Collecting – a Hobby with Benefits for Children

October 2, 2014

  • “Hobbies benefit children in numerous ways. Because they are expressions of personal accomplishment and a means of self-discovery, hobbies help build self-esteem. … By working on hobbies, children learn to set goals, make decisions, and solve all sorts of problems. … Hobbies often mature into lifelong interests, even careers.”

Girl-with-magnifying-glass-MP900438753Collecting is a great hobby for children of all ages. We hear about J. Leno’s car collection. Angelina Jolie collects anitique knives. Eric Clapton collects guitars. Many of us did or do collect things. Seems lately I’m collecting tennis rackets and dead tennis shoes. Collecting connects us to things we enjoy and the history and memories associated with our collections.

Collecting does not have to be an expensive hobby. Leaves and rocks are free. “ If you need to buy it, kids probably shouldn’t be collecting it. “ In common with most activities for children that stimulate imagination and creativity, collecting does not have to be expensive.

The benefits of collecting include:

  • Organizational Skills: Your collector will order, classify, and likely display their collection
  • Understand Value: pennies are free when found. A 1943 copper penny sold for $1.7 million.
  • Reading Ability and Comprehension as their interests extend to finding out more
  • Boosting their self-confidence and self-esteem: it’s their collection
  • Pride of Accomplishment
  • Set and Reach goals
  • Prioritize and Pattern
  • Gain specialized knowledge
  • Learn about People, Places and Things
  • Patience and Persistence
  • Writing Skills: as journals are kept to document

img_8726_jpg-by-Tom-Woodward-at-Flickr-1355622094_917450c086_zA collection naturally lends itself to being classified. Size, color, age, source are a few of the ways collections are typically sorted. Considering the unique items in a collection will have links to all kinds of things. Stamps link to a particular country. Postcards link to your genealogy. Feathers link to purpose and specie. Rocks naturally link to geology. Coin specialists are numismatist. Sounds like they do linking.

Here are some ideas on collections:

Animals, Arrowheads, Bird Sightings, Bottle Caps, Bugs, Buttons, Cards, Cars (Toy), Crayons, Coins, Dice, Dolls, Erasers, Feathers, Fishing lures, Fossils, Guitar Pics, Hats, Insects, Jump Ropes, Key Chains, Leaves, LEGO, Marbles, Ornaments, Pencils, Rocks, Rulers, Shells, Spoons, Stamps, Stickers,Train Cars, Umbrellas, Yo-yos, and Zippers.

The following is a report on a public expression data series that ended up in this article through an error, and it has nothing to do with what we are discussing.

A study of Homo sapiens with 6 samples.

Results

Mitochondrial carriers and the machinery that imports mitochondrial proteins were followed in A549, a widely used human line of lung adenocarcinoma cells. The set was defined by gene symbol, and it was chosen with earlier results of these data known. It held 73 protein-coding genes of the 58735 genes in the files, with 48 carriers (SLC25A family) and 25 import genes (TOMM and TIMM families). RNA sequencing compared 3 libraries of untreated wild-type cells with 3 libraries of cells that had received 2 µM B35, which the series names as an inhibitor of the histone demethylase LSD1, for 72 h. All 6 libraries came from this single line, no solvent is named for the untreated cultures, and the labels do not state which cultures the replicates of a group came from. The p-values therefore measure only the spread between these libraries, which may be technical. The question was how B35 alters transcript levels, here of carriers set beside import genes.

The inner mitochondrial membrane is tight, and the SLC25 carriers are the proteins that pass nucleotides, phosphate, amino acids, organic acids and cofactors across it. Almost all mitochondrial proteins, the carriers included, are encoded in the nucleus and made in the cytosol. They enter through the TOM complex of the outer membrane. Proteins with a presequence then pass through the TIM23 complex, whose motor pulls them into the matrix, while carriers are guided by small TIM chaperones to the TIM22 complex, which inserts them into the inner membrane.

• “Kids may also enjoy collecting shells, marbles, dried flowers, restaurant take-out menus, or pretty much anything else you can think of. Again, keep it reasonable. If you need to buy it, kids probably shouldn’t be collecting it. It is much more fun if they can go for a walk outside and find new things for their collection.

Parents, you can help. Perhaps you see a collection forming before your child actually recognizes it as a collection. Maybe your daughter has a box of bouncy balls. For some reason the hard, funny bouncing balls caught her attention and she keepssuperball-mosaic-p6-by-Lenore-Edman-at-Flickr-463503770_aecf7fed9f_o them in a box. You can ask her about them. Maybe call them, “her collection” of bouncy balls or whatever she calls them. Maybe she’d like some paper, a journal, to keep track of how many she has and what color and size they are and where they came from. The idea is to be interested but don’t take over. Probably the best thing you can do is be interested when she’s interested: talking about them, playing with them, finding the lost one.

  • “Parents can encourage children to pursue hobbies by listening for clues as to what they might be interested in, then supporting that interest at each child’s own pace. Offer your own expertise and support, but watch out for the temptation to identify too much with what your child is doing. Even if you enjoy the same hobby, children’s success or failure is their own – not yours!”  Sue West at Cornell University

Collecting can be a rewarding, away from the computer, hands-on activity and pastime for children of all ages. It is not unusual for a childhood collection to become a lifetime interest and sometimes lead to a career. Be practical and involved with your children and help them enjoy themselves in a collecting hobby.